Richard Helm (Vancouver Province)
PASADENA, Calif. -- It's been a good year and bad year for prolific Hollywood writer-producer David E. Kelley, and the ups and downs have been working him the last couple of weeks as well.
Flu season 2000 has hit hard on the sets of Kelley's hit shows, Ally McBeal and The Practice, reducing stars Calista Flockhart and Dylan McDermott to spot service at Kelley's sprawling studio complex at Manhattan Beach.
McDermott, recently named by the fashion bible W as best-dressed man in America, has all but lost his voice to bronchitis.
That's the latest bad news. The latest good news? ABC has decided to showcase a special episode of The Practice in the mega-cherry timeslot following this year's Super Bowl.
That's right, the primo exposure is going to The Practice, not Who Wants to Be a Millionaire as many expected.
All of this comes hard on the heels of another decision by ABC to dump Kelley's new freshman drama, The Snoops, after which Fox decided to give up the ghost on Ally, Kelley's attempt to repackage footage from the hour-long Ally McBeal into a second half-hour rerun.
That must have hurt, not to mention the conspicuous appearance of one of Kelley's two feature films of the year, Lake Placid, on some influential Worst Movies of the Year lists.
"The reality is that there's so much work to do between The Practice and Ally that I haven't had time to dwell on the losses," said Kelley, during a break in filming.
Hard to think grey thoughts on a January day like this. The Kelley studios are just down a bit from Marina Del Rey, the sun is pounding down 20 degrees out of a clear blue sky, and the glare coming off the shiny black Jaguar and Mercedes Benz parked at the door is almost blinding.
"I think if I had spent an entire year on Mystery, Alaska and only Mystery, Alaska, only to find out that my mother was the only one who went and watched it, that would be rather devastating.
"But probably the best kind of therapy for those kind of defeats is getting back in the saddle and going back to work, and I was already in a saddle on a galloping horse with respect to Ally and The Practice."
Currently in its fourth season, The Practice has won two Emmys for outstanding drama series, a Golden Globe and a number of other awards.
Ally McBeal, now in its third season, has also roped in a bevy of awards, including back-to-back Golden Globes and this year's Emmy for outstanding comedy.
Some might say the comedy has taken an obsessively sexual turn on Ally McBeal this year. The episode being filmed on this visit was so "unusually sensitive," according to Kelley producer Bob Breech, the set was closed to visitors. But that doesn't mean it had anything to do with sex, he hastened to add.
Kelley will concede, a bit wearily, that the season's first two episodes, featuring respectively Ally and a stranger having sex in a car wash and Ally and Ling in a pseudo-lesbian pas de deux, were a bit spicier than the norm.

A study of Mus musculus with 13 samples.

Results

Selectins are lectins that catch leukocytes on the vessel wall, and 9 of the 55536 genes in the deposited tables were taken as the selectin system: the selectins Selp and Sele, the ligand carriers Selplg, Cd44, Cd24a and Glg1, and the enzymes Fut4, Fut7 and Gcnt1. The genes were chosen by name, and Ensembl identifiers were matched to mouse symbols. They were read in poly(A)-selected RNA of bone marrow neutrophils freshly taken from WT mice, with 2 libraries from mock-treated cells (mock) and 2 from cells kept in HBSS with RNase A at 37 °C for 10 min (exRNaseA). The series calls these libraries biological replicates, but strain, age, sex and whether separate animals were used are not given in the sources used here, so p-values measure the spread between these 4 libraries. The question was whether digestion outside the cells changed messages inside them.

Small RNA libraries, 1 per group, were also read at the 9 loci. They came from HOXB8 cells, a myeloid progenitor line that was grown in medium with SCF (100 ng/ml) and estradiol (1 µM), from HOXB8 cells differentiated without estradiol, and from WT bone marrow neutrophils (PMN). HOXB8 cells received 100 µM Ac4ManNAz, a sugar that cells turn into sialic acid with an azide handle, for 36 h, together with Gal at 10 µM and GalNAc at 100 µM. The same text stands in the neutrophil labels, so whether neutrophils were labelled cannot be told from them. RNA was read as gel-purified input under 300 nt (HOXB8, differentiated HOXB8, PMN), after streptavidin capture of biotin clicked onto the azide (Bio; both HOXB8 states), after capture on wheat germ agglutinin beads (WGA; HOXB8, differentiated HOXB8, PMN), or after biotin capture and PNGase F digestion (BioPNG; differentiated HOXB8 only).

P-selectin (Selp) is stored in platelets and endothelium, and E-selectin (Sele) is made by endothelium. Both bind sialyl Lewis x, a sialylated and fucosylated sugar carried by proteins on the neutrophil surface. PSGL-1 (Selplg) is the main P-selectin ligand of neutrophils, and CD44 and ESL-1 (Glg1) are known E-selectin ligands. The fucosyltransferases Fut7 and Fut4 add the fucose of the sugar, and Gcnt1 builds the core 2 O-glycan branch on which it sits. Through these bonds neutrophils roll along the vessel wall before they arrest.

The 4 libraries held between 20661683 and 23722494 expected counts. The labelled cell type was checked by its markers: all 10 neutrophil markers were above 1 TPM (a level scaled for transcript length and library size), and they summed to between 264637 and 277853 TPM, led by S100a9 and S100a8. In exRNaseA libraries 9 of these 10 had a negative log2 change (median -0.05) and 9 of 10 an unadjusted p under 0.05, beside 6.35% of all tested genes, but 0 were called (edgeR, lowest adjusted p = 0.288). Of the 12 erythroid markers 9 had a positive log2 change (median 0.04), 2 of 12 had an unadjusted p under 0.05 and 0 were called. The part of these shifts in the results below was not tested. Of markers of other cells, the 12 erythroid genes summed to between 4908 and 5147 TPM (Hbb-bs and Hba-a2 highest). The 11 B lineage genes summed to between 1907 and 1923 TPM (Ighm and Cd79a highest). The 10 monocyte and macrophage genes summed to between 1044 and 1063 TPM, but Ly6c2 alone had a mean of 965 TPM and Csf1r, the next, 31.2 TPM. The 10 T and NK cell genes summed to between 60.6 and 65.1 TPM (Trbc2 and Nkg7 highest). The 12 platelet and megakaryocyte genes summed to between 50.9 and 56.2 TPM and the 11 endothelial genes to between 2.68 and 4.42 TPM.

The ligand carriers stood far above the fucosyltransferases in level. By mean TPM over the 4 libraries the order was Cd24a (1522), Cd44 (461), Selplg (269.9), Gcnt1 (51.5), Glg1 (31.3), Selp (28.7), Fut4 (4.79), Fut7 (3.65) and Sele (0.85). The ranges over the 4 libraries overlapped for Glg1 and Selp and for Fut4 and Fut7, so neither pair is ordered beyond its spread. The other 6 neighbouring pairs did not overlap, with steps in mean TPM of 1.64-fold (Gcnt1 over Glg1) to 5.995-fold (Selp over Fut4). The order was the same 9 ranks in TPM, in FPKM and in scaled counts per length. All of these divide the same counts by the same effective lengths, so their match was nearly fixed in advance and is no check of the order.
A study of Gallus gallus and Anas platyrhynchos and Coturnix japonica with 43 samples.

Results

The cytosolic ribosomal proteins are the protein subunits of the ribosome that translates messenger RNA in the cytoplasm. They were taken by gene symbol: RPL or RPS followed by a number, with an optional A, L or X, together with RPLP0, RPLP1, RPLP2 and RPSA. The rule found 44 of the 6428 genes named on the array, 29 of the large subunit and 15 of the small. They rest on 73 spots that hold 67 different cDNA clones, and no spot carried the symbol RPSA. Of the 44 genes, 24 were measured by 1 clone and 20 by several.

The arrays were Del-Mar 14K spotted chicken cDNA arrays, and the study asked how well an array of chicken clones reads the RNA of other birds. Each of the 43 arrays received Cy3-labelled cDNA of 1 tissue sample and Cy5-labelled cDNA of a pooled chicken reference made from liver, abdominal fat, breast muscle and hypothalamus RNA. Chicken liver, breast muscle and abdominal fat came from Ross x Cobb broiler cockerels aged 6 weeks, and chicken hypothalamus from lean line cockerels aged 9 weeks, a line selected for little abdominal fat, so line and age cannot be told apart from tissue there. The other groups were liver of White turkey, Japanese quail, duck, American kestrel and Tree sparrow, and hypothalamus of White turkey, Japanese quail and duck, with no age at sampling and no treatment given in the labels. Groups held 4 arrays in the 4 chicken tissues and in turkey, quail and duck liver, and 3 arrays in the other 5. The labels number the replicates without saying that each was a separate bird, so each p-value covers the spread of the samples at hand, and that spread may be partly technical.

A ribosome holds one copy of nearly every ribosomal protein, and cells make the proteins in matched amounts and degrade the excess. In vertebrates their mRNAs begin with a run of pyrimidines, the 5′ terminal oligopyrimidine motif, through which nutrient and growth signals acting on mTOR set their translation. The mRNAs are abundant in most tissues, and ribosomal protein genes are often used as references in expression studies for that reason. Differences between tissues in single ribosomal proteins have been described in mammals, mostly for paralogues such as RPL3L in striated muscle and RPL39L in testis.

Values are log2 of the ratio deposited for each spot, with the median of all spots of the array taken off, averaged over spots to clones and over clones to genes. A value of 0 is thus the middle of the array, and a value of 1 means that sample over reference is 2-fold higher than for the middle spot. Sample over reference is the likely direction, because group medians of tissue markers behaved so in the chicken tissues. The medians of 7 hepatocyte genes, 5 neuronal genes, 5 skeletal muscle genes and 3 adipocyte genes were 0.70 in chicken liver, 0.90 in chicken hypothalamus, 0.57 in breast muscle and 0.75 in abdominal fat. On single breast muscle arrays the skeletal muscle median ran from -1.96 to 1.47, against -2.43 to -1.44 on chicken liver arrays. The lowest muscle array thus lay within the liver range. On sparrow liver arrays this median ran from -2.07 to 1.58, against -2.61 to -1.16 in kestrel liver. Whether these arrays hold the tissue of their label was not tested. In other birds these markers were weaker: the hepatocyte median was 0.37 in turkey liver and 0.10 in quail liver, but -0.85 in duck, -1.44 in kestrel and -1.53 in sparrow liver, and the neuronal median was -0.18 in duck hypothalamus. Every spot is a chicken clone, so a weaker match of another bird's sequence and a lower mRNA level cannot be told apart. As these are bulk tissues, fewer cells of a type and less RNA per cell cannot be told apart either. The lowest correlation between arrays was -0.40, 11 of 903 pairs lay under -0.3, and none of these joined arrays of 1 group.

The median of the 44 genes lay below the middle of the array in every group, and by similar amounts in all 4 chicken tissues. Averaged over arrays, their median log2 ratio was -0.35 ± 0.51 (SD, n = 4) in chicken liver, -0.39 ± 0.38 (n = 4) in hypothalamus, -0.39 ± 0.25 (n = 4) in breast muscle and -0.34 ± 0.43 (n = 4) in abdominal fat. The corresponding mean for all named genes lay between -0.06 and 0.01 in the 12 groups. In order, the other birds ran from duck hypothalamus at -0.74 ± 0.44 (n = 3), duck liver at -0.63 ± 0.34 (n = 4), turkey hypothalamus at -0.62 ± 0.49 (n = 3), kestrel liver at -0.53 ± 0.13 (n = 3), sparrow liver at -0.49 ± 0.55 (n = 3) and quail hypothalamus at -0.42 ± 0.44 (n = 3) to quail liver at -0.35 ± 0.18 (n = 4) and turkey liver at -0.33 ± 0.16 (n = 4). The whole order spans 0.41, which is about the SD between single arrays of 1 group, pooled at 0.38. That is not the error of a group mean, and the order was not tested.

"The intent there was not so much to be sexually explicit as it was to send an immediate wakeup call to the viewers that this show would continue to change and grow," Kelley said. "If you look at the balance of the first eight episodes I don't think there's more sex than last year."
The Ally-Ling tango was the most-watched Ally McBeal ever but the ratings have slid a bit since. Kelley acknowledges some viewers might have abandoned the show as some silly sex joke.
"Ally, from the beginning, has been both praised and criticized for the very same elements. Some people love it, some people hate it.
"I think that is essential to the success of Ally McBeal, that it can't stay in the same place. It has to move in different directions and cross new boundaries and in doing that you're going to alienate viewers at the same time maybe that you'll reward others and maybe gain new ones."
Kelley didn't gain many viewers with Snoops, his short-lived private detective project, despite the considerable drawing power of stars such as Gina Gershon and Paula Marshall.
"We never got it there," Kelley said with a little shrug. "I was disappointed we never got it to be a good show."
He saw the writing on the wall when ABC decided to move the show to Thursday, a killing zone for any show up against NBC's must-see lineup. Based on the tepid ratings and "lack of creative merit," the show just didn't seem worth fighting for.
"I think the network had certainly cooled on the idea and it was a pretty mutual decision."
Kelley's name has also been associated with Chicago Hope this season, another show he created and one to which he was supposed to be turning renewed attention. He's written only one episode this year and sent along some notes to the supervising producers.
Any series in its seventh season becomes a highly expensive proposition, Kelley noted, due to spiralling salaries and production costs. He doesn't sound very confident the CBS medical drama will be back for another season.
"It's on the bubble again for next year just like it was last year."
Kelley fulfilled his series commitment to ABC with Snoops and has inked a new exclusive series development pact with Fox. He says he'll never again create a series he can't devote his full attention to.
"Whatever the next series will be, it will be one that I feel connected to creatively and something I'll have a passion for and want to be hands-on with. I'm not a great delegator in terms of creating a series and then letting someone else run it."